Lake Buena Vista, Fla.— The Clark County School District in Las Vegas has to deal with some big numbers: 268,000 students; 26,000 employees; 80,000 PCs and 300 LANs. But one big number the organization isn’t willing to countenance is the cost of throwing out its digital phones and replacing them with IP handsets.
When the school district decided to turn on IP telephony and put phones in every one of its classrooms, it aimed to keep costs down and the deployment time short, said Phillip Brody, the organization’s chief technology officer.
He pointed out that Clark County had already wired most of its schools for digital telephony. “Why rewire?” Brody said.
So instead of replacing all of the traditional telephone infrastructure with IP technology, the district went with a hybrid communication system, capable of supporting new IP phones as well as the digital handsets already deployed.
Brody told Clark County’s story at VoiceCon, a voice network technology conference held in Lake Buena Vista, Fla. from March 1 to 4. He took part in a panel of organizations that went the same route, choosing systems that provide packet switched connectivity, as well as circuit switched connectivity based on traditional Time Division Multiplexing (TDM) technology. The panelists said these hybrid systems worked as an alternative to “all-IP” voice infrastructure.
Brody said the school district didn’t want to pay for high priced IP handsets when less expensive digital handsets suited the organization’s purposes. As well, it didn’t want to worry about power-over-Ethernet technology, required to keep the IP phones up and running when the lights go out. In addition, an all-IP platform would have taken longer to roll out than the hybrid solution that Clark County chose: an Alcatel OmniPCX 4400 at each school.
PPL Corp., a Pennsylvania-based energy company, wanted the guaranteed uptime of TDM as well as the flexibility of IP. That’s one of the reasons why this firm also chose a hybrid IP platform, this time from Nortel Networks, said David Stever, PPL’s manager, communication technology services.
Merrill Lynch & Co. Inc. in New York City went with an Avaya Inc. hybrid IP telephony system after discovering that the all-IP Cisco Systems Inc. communication platform already installed didn’t serve the financial firm’s needs.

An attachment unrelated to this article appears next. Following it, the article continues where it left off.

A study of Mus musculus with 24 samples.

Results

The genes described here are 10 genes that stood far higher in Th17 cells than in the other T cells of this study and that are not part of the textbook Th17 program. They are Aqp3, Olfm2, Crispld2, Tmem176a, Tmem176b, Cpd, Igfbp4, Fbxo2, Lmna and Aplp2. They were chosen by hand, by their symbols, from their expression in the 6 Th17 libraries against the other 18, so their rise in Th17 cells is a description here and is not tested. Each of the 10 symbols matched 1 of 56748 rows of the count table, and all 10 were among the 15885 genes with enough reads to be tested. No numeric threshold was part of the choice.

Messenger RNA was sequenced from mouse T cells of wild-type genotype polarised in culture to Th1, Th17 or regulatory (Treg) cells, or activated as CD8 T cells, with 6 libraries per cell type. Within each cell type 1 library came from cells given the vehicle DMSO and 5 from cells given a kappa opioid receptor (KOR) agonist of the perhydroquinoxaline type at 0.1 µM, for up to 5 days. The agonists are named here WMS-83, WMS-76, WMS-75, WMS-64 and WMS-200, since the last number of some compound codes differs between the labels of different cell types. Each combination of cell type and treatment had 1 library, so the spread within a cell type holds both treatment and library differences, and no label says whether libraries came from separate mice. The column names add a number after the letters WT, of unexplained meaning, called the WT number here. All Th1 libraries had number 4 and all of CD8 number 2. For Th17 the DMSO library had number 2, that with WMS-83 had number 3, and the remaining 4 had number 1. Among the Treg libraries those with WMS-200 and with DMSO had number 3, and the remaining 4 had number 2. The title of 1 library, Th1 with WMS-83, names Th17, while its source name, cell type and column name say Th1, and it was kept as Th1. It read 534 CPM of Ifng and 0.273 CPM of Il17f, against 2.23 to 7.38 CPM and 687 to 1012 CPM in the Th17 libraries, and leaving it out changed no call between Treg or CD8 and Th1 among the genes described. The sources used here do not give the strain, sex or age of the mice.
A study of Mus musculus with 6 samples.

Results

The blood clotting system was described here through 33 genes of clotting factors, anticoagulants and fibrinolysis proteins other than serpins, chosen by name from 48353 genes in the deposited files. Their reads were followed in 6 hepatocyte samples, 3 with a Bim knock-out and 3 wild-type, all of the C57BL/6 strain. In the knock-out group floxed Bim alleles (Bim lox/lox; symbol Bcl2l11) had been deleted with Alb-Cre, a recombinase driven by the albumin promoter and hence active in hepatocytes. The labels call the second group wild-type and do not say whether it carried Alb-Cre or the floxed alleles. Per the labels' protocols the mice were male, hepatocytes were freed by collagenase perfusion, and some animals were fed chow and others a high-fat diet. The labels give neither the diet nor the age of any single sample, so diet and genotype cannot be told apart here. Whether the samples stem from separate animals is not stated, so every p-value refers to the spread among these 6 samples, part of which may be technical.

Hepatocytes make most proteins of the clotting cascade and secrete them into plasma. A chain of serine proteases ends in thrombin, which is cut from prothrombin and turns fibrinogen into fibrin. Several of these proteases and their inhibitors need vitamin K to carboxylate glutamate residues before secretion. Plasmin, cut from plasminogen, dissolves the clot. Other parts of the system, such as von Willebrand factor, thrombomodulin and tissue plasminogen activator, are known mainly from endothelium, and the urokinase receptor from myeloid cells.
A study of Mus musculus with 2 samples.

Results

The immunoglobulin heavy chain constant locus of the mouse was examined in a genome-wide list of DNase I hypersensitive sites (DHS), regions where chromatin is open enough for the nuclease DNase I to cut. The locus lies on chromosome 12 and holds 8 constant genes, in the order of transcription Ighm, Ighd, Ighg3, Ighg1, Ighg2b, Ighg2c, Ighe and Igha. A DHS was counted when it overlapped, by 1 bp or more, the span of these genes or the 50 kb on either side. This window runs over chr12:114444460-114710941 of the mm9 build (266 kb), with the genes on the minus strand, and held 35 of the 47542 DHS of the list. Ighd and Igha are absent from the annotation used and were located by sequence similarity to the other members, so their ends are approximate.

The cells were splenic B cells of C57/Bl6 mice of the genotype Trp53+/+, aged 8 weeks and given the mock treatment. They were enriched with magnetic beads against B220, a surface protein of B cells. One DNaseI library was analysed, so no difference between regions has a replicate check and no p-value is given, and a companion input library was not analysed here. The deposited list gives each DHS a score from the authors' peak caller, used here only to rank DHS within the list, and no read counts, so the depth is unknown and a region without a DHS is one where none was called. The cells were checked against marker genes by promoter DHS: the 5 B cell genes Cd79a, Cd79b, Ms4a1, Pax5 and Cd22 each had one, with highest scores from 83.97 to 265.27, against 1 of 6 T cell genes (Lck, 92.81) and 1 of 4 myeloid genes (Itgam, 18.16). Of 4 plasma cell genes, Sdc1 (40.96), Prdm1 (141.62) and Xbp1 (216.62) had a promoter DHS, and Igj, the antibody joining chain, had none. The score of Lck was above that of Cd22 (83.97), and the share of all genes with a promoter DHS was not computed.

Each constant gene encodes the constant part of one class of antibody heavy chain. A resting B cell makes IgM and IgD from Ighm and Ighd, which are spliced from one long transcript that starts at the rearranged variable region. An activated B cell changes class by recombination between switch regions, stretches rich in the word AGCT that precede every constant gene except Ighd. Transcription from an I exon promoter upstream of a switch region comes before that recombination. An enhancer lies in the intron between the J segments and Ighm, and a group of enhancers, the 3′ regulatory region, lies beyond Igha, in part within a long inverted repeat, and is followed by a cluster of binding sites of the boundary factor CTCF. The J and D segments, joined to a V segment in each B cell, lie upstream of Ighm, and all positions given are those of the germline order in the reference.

Andy Brown, Merrill Lynch’s first vice-president, said some users required the sort of robust connection that traditional telephony provides. Other users needed the mobility and unified messaging functions that IP telephony supports.
As a result, the firm decided that it needed a telephone system capable of providing both IP connectivity and traditional connectivity. “You have to have the capability on a single infrastructure to support those requirements,” Brown said. “That’s why we ended up with a hybrid system.”
Brown also said if Merrill Lynch learned anything from the expensive change-of-mind, it’s this: recognize that TDM-based telephony is robust, but “brittle,” not as flexible as IP. And while packet switched infrastructure is more flexible than TDM, ultimately “IP will never be as reliable as TDM, from a delivery-of-dial tone perspective.”
Stever from PPL said he also learned a lesson during the company’s IP telephony implementation: It’s as much a people-process endeavor as it is a technological one. For instance, PPL had to consolidate four separate IT groups in order to properly support IP. As well, the implementation highlighted two very different cultures in the firm, two camps that had to work together: the data communications experts and the voice communications experts.
“The data group was very aggressive on technology,” Stever said. The voice group, by contrast, was somewhat more conservative, less interested in new technologies and more interested in making changes only as necessary. Stever said it was a challenge to bring these factions together. “The two just hit head on.”
Brody said the School District project taught him to stick to his guns. “Get a vision early and keep it,” he said, explaining that single-mindedness helped the IP telephony implementation succeed. “The more you change, the more your superiors think you don’t know what you’re talking about.”